There were plenty of open seats and no marathon public comment sessions at the Butte County Board of Supervisors meeting Tuesday (Feb. 27), as the panel coasted through a relatively drama-free agenda.

In fact, the meeting’s sole contentious discussion was on an item removed from the consent agenda—a list of actions the board has previously discussed and decided on that typically is approved en mass with a single whack of Board Chair Bill Connelly’s gavel. That item was the second reading of a new county ordinance meant to regulate the cultivation of recreational marijuana for personal use as allowed by Proposition 64, passed by California voters last November.

County staff referred to the proposed ordinance as 34C after the chapter it will take in Butte County Code once approved. It is based on existing medical marijuana cultivation rules—Chapter 34A, aka Measure A. The new ordinance was introduced last month and would have been enacted if read Tuesday, but the supervisors pulled the item due to concerns that differences in setback requirements on parcels of land over 10 acres (100 feet for medical and 150 feet for recreational marijuana) would cause confusion for growers and the county’s code enforcement officers.

Another difference between the ordinances is that all recreational grows on parcels under 5 acres must be done indoors, with outdoor grows allowed on larger properties; the medical ordinance allows for outdoor cultivation on smaller properties. Supervisor Larry Wahl argued that outdoor grows should not be allowed at all for recreational pot.

Supervisor Steve Lambert agreed with Wahl, saying that the smell of cannabis is one of the primary complaints about pot in his district, which covers the southwestern quarter of the county. Jessica MacKenzie, head of the Inland Cannabis Farmers’ Association, was one of only two public speakers on the topic—a rare occurrence, as pot talks regularly fill the chamber to standing room capacity, and likely because the public assumed the item would be passed along with the rest of the consent agenda.

“The issues that always arrive [about cannabis] are public safety, environmental responsibility and equitable application of the law,” MacKenzie said, explaining that indoor grows can cause fires, require large amounts of electricity and are cost-prohibitive for many.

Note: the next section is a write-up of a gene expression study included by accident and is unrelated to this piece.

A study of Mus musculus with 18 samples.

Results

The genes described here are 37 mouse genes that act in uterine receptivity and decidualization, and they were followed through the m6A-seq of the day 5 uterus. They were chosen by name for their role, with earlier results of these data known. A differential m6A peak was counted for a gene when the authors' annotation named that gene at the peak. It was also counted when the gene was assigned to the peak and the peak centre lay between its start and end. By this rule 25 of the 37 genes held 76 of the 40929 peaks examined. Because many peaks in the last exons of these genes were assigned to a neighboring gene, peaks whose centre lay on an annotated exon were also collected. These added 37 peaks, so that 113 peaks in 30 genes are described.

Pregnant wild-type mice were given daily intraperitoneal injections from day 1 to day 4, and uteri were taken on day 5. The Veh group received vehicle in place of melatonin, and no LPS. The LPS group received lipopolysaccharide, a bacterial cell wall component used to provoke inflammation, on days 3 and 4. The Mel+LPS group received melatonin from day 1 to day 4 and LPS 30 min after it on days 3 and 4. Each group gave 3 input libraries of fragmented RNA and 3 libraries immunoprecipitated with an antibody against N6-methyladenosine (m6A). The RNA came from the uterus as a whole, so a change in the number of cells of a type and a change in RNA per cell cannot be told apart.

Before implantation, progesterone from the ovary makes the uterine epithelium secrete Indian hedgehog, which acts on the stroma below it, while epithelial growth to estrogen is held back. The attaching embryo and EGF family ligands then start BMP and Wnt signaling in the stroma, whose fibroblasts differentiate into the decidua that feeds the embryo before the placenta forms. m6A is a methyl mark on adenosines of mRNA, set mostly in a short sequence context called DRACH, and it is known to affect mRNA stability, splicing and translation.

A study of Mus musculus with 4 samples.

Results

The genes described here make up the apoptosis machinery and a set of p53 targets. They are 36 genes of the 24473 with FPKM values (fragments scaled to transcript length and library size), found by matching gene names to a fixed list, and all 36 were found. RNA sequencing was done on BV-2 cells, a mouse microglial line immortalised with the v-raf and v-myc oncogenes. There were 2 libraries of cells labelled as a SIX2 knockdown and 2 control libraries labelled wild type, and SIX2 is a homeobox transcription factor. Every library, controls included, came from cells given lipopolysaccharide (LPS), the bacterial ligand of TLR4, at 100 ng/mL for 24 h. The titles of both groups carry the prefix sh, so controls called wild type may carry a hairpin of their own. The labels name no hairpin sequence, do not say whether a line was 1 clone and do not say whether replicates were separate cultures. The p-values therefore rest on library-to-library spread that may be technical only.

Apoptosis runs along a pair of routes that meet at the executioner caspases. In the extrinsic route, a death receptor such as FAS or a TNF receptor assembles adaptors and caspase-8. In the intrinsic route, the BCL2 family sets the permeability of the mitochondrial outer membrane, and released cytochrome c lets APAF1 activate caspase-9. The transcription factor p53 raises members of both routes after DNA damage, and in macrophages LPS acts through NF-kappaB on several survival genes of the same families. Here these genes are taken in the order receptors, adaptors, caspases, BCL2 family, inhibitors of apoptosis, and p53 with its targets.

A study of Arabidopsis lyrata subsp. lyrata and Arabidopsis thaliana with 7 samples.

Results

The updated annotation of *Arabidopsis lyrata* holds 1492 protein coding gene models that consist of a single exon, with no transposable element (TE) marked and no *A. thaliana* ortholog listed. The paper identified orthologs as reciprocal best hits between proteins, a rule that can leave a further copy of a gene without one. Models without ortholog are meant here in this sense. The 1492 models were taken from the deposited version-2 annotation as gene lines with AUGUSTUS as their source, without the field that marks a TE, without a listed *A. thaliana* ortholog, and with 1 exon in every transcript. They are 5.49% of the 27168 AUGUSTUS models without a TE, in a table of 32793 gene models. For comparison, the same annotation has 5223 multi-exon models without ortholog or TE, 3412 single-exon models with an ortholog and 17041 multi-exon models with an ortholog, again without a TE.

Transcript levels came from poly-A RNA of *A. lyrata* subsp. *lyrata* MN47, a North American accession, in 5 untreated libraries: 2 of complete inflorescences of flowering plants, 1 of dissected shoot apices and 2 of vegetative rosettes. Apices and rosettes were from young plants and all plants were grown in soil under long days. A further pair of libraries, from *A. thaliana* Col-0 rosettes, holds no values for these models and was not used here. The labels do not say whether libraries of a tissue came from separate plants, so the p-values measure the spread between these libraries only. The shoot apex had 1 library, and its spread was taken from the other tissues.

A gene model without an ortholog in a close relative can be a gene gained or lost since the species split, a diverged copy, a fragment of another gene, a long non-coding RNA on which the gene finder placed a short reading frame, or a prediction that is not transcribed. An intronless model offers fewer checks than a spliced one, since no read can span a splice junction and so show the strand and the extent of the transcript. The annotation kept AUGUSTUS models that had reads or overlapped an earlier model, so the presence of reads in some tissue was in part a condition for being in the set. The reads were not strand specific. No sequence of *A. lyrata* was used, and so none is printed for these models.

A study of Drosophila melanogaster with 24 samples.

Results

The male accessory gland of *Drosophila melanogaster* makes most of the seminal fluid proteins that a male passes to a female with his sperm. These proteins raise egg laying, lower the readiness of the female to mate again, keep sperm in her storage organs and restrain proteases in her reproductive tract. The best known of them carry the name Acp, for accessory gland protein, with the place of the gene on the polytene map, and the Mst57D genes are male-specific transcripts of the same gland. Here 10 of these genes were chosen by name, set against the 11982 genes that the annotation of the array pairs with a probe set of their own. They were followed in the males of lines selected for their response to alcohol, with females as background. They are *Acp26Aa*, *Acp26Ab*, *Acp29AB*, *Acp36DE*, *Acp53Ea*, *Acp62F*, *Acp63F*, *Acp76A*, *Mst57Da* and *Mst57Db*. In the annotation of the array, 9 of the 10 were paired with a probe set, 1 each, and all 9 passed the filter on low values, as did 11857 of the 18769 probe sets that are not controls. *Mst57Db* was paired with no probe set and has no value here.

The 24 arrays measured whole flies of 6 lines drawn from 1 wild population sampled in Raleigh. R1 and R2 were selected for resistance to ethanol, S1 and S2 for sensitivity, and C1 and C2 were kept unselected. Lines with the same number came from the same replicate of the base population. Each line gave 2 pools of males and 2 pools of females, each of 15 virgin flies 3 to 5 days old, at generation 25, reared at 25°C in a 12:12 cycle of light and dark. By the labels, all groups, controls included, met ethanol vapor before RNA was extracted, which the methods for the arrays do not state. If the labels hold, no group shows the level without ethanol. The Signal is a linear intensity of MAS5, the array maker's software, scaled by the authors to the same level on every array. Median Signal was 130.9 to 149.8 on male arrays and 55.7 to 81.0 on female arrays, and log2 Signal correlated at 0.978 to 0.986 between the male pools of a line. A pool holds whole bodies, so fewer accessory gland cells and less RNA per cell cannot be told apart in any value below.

Wahl motioned to change the proposed ordinance to allow only indoor grows for recreational marijuana, and Lambert seconded. The motion was defeated by a 3-to-2 vote. Supervisor Doug Teeter then made a motion to change the setback requirements of the recreational ordinance to match those of the medical ordinance, which was seconded by Supervisor Maureen Kirk and passed with a 3-to-2 vote (with Wahl and Lambert dissenting). The new rules are scheduled to take effect later this month.

In other news, the supervisors agreed to agendize a discussion that likely will ensure more fervent discourse at an upcoming meeting. Wahl said he’d spoken with supervisors from Tehama County regarding that board’s decision to “take the lead” in declaring it is not a sanctuary county for undocumented immigrants. Wahl reported that the Tehama officials told him their decision was based partly on concerns about President Donald Trump’s threats to cut federal funds to cities and counties that declare sanctuary status. Siskiyou County supervisors have also made a nonsanctuary declaration.

“There needs to be a clear definition of what we have to do in accordance with state law and what we can and have to do in accordance with federal law, and therein lies the rub,” Wahl said. “The two overlap and conflict, and I would like to see us get clarification as a county on that.”

Paul Hahn, the county’s chief administrative officer, noted the matter is further complicated by the fact that Senate Bill 54—currently working its way through the state Legislature—would declare California a sanctuary state. Connelly said he thought that was a bad idea, and that the sanctuary conversation should also include the board possibly drafting a letter to the governor voicing opposition to the bill.

“OK, Larry, you got us into a conflict,” Connelly joked after Hahn confirmed the nonsanctuary discussion would be scheduled as soon as possible.